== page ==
Background: Long-term studies in rheumatoid arthritis (RA) have reported low inflammation yet high disability over time. It is important to determine which factors are driving this disparity, so appropriate interventions can be used to reduce this gap.
Objectives: To identify a subgroup of people with RA with low inflammation yet high disability over 10 years, and describe their characteristics.
Methods: Data came from two cohorts of inflammatory arthritis with regular assessments over 10 years: the Norfolk Arthritis Register (NOAR, inclusion: ≥2 swollen joints for ≥4 weeks) from the UK and the Etude et Suivi des Polyarthrites Indifférenciées Récentes study (ESPOIR, inclusion: early RA) from France. Participants provided demographic data and completed patient reported outcomes (PROs, including the Health Assessment Questionnaire [HAQ]). The 2-component Disease Activity Score (DAS28-2C)1, a measure of inflammation, was calculated from swollen joint counts and C-reactive protein level. Inclusion criteria for this analyis: <2 years baseline symptom duration; HAQ and DAS28-2C at baseline and one other follow-up; recruited after 1/1/2000. HAQ and DAS28-2C were modelled simultaneously using a multivariate group-based trajectory model, to identify groups of participants with similar trajectories of HAQ and DAS28-2C over 10 years. Baseline demographics and PROs were compared between the trajectory groups using logistic regression. Analyses performed separately in NOAR and ESPOIR.
Results: 1001 NOAR and 767 ESPOIR participants were included. In both cohorts, a four group trajectory model had the best fit (Figure). Two subgroups were identified in each cohort that demonstrated the hypothesised relationship: similar DAS28-2C but differing HAQ scores (red trajectories in Figure), titled “High HAQ” and “Low HAQ” (mean difference in HAQ over follow-up [95% confidence interval (CI)]: NOAR 0.76 [0.73, 0.80]; ESPOIR 0.89 [0.82, 0.96]). At baseline, the High HAQ groups in both NOAR and ESPOIR were older, had a higher proportion of women, and had higher levels of fatigue (NOAR: odds ratio [OR] 1.16 [95% CI 1.06, 1.28]; ESPOIR: OR 1.20 [95% CI 1.05, 1.36] [Table]) and pain (NOAR only).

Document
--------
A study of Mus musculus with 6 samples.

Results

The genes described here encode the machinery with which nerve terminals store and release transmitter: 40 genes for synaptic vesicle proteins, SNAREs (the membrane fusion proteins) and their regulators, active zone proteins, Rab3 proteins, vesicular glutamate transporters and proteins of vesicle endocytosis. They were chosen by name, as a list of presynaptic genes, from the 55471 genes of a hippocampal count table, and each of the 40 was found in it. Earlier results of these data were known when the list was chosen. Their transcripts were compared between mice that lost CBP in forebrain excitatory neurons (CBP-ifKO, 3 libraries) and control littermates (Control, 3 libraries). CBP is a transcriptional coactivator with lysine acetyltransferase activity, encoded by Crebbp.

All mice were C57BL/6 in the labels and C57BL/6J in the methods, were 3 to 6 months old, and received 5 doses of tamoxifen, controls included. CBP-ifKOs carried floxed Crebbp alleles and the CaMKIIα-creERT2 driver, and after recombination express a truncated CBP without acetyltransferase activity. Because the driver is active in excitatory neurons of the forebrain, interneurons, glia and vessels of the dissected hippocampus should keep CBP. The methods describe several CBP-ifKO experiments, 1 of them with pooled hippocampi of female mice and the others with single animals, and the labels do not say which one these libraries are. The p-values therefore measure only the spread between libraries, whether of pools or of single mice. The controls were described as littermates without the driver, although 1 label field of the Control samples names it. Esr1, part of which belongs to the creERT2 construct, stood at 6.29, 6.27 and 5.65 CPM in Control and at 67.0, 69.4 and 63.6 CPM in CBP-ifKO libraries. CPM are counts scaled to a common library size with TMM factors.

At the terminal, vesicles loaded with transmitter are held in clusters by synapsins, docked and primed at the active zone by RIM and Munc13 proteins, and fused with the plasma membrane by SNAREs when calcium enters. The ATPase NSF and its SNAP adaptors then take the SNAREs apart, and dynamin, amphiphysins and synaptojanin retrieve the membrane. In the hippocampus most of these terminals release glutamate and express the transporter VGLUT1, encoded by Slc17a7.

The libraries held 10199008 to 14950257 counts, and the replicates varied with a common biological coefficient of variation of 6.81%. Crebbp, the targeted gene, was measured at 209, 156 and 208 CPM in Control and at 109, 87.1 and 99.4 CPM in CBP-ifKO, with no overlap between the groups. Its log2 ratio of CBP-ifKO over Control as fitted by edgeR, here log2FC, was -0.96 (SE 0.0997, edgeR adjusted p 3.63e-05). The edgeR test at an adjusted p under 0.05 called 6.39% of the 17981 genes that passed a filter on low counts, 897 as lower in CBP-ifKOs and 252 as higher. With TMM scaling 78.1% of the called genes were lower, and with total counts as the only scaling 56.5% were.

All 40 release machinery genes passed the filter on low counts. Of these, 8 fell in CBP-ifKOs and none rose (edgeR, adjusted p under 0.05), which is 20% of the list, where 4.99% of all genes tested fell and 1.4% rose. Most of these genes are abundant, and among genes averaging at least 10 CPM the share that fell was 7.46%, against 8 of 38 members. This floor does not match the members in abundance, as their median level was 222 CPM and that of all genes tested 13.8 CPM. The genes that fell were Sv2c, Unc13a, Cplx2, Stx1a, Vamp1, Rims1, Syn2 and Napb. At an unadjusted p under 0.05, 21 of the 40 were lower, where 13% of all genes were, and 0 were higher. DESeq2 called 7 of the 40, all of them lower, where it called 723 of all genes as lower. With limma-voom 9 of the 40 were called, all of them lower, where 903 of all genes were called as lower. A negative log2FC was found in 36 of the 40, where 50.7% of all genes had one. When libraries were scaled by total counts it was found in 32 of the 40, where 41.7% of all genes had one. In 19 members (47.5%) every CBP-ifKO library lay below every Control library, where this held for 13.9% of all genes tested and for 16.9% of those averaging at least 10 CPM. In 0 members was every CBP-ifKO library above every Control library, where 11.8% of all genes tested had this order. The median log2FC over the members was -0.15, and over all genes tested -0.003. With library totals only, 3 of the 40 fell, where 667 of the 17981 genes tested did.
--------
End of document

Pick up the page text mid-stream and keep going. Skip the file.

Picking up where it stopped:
Conclusion: There is a group of people with RA with high levels of disability, despite low inflammation. These results underline the potential need for pain and fatigue management in people with RA, even when inflammation is low.
References: Hensor et al (2019). Rheumatology (Oxford) 58(8)
Acknowledgements: Thanks to the participants of NOAR and ESPOIR and those working in the recruiting centres
ESPOIR Funding: An unrestricted grant from Merck Sharp and Dohme (MSD) was allocated for the first 5 years of the cohort study. Two additional grants from INSERM supported part of the biological database. The French Society of Rheumatology, Abbvie, Pfizer, Lilly and more recently Fresenius and Biogen supported the ESPOIR cohort study.
Disclosure of Interests: James Gwinnutt Grant/research support from: Research grant from Bristol Myers Squibb unrelated to this project, Sam Norton Consultant of: Pfizer and AstraZeneca, Kimme Hyrich Consultant of: Abbvie, Grant/research support from: Pfizer and BMS, Mark Lunt: None declared, Bernard Combe: None declared, Nathalie Rincheval: None declared, Adeline Ruyssen-Witrand: None declared, Bruno Fautrel: None declared, Jacqueline Chipping: None declared, Alex MacGregor: None declared, Suzanne Verstappen: None declared
Statistics from Altmetric.com
If you wish to reuse any or all of this article please use the link below which will take you to the Copyright Clearance Center’s RightsLink service. You will be able to get a quick price and instant permission to reuse the content in many different ways.